Gil Gamesh, the only pitcher who ever literally tried to kill the umpire. The ex-con first baseman, John Baal, "The Babe Ruth of the Big House," who never hit a home run sober. If you've never heard of them—or of the Ruppert Mundys, the only homeless big-league ball team in American history—it's because of the Communist plot, and the capitalist scandal, that expunged the entire Patriot League from baseball memory.

In this ribald, richly imagined, and wickedly satiric novel, Roth turns baseball's status as national pastime and myth into an occasion for unfettered picaresque farce, replete with heroism and perfidy, ebullient wordplay and a cast of characters that includes the House Un-American Activities Committee.

In this ribald, richly imagined, and wickedly satiric novel, Roth turns baseball's status as national pastime and myth into an occasion for unfettered picaresque farce, replete with heroism and perfidy, ebullient wordplay and a cast of characters that includes the House Un-American Activities Committee.
Product Details
Paperback (416 pages)
Published: April 11, 1995
Publisher: Knopf Doubleday Publishing Group
Imprint: Vintage
ISBN: 9780679749066
Other books byPhilip Roth
  • Everyman

    Everyman
    Philip Roth's new novel is a candidly intimate yet universal story of loss, regret, and stoicism. The bestselling author of The Plot Against America now turns his attention from "one family's harrowing encounter with history" (New York Times) to one man's lifelong skirmish with mortality. The fate of Roth's everyman is traced from his first shocking confrontation with death on the idyllic beaches of his childhood summers, through the family trials and professional achievements of his vigorous adulthood, and into his old age, when he is rended by observing the deterioration of his contemporaries and stalked by his own physical woes. The terrain of this powerful novel is the human body. Its subject is the common experience that terrifies us all.

    Indignation

    Indignation
    Against the backdrop of the Korean War, a young man faces life’s unimagined chances and terrifying consequences. It is 1951 in America, the second year of the Korean War. A studious, law-abiding, intense youngster from Newark, New Jersey, Marcus Messner, is beginning his sophomore year on the pastoral, conservative campus of Ohio’s Winesburg College. And why is he there and not at the local college in Newark where he originally enrolled? Because his father, the sturdy, hard-working neighborhood butcher, seems to have gone mad -- mad with fear and apprehension of the dangers of adult life, the dangers of the world, the dangers he sees in every corner for his beloved boy. As the long-suffering, desperately harassed mother tells her son, the father’s fear arises from love and pride. Perhaps, but it produces too much anger in Marcus for him to endure living with his parents any longer. He leaves them and, far from Newark, in the midwestern college, has to find his way amid the customs and constrictions of another American world. Indignation, Philip Roth’s twenty-ninth book, is a story of inexperience, foolishness, intellectual resistance, sexual discovery, courage, and error. It is a story told with all the inventive energy and wit Roth has at his command, at once a startling departure from the haunted narratives of old age and experience in his recent books and a powerful addition to his investigations of the impact of American history on the life of the vulnerable individual.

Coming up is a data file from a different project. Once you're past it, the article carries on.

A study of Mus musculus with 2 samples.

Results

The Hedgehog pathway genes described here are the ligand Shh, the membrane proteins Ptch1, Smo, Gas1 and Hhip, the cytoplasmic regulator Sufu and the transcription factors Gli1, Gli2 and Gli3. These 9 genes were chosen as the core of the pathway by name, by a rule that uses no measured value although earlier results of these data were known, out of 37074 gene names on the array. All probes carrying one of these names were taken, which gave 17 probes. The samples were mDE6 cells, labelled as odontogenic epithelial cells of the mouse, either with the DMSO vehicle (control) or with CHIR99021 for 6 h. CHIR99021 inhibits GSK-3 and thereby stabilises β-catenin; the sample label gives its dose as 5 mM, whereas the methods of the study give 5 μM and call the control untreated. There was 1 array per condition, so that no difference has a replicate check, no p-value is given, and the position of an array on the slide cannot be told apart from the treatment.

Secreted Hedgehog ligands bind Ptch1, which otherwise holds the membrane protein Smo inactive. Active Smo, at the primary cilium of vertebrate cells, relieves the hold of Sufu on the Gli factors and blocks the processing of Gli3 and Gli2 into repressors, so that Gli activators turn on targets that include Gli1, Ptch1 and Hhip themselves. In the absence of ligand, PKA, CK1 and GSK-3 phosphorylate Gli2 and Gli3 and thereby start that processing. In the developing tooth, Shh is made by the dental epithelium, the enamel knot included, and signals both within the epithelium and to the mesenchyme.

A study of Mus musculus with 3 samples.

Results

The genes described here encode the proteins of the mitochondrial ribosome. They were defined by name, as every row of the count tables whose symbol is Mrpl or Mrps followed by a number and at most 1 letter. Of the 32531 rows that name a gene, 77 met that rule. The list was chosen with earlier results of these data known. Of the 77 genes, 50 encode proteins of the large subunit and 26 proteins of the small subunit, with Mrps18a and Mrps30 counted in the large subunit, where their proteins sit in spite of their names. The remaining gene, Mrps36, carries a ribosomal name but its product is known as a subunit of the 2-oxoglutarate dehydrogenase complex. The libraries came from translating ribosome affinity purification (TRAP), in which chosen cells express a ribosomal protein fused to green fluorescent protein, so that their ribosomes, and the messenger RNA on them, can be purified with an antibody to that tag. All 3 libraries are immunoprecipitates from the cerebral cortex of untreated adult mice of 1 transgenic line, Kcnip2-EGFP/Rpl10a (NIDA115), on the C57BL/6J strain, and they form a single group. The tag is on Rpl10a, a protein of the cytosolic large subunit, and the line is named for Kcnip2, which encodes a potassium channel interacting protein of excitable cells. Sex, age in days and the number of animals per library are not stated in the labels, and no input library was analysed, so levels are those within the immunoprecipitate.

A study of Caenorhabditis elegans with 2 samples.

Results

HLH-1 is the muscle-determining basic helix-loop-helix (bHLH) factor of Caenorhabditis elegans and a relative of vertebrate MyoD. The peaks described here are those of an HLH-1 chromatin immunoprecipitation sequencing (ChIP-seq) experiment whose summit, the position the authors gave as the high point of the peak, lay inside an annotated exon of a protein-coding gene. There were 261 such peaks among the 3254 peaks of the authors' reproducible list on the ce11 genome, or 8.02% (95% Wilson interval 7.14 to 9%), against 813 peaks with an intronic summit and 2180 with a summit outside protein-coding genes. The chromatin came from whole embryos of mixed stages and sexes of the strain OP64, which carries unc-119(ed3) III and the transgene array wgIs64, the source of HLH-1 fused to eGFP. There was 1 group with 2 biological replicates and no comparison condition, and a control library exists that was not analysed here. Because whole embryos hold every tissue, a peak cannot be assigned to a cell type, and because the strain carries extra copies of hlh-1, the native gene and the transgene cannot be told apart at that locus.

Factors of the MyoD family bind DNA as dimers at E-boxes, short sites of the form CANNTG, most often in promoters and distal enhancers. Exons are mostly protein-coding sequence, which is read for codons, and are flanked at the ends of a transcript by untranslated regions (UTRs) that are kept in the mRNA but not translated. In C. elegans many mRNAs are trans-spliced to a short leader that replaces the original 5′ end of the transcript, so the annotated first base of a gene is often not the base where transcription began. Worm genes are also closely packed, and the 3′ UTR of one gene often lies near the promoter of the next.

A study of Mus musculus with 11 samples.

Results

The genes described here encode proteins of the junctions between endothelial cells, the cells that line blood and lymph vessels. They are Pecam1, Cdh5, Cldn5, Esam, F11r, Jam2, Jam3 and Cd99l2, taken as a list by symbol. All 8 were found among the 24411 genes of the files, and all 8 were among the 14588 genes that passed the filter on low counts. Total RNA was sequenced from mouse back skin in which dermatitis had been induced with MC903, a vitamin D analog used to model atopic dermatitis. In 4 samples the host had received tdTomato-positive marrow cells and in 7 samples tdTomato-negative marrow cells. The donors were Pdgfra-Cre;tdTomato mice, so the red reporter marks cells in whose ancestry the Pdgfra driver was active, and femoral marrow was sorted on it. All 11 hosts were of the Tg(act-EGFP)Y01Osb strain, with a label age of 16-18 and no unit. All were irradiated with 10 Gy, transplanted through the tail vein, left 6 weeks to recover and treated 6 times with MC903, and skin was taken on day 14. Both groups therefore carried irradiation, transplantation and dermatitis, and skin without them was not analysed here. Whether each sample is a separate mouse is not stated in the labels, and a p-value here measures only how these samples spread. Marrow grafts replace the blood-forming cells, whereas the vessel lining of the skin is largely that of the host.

Herzog

    Herzog
    In one of his finest achievements, Nobel Prize winner Saul Bellow presents a multifaceted portrait of a modern-day hero, a man struggling with the complexity of existence and longing for redemption.

    The Humbling

    The Humbling
    Simon Axler, one of the leading American stage actors of his generation, is now in his sixties and has lost his magic, talent, and assurance. His Falstaff and Peer Gynt and Vanya, all his great roles, “are melted into air, into thin air.” When his wife leaves him, and after a stint at a mental hospital, he retires to his upstate New York country house and hopes for deliverance, which arrives in the form of the lithe, vibrant, and ever-subversive Pegeen Stapleford, the daughter of old friends and 25 years his junior.   In this tight, surprising narrative told with Roth’s inimitable urgency, bravura, and gravity, we confront the terrifying fragility of all our life’s performances.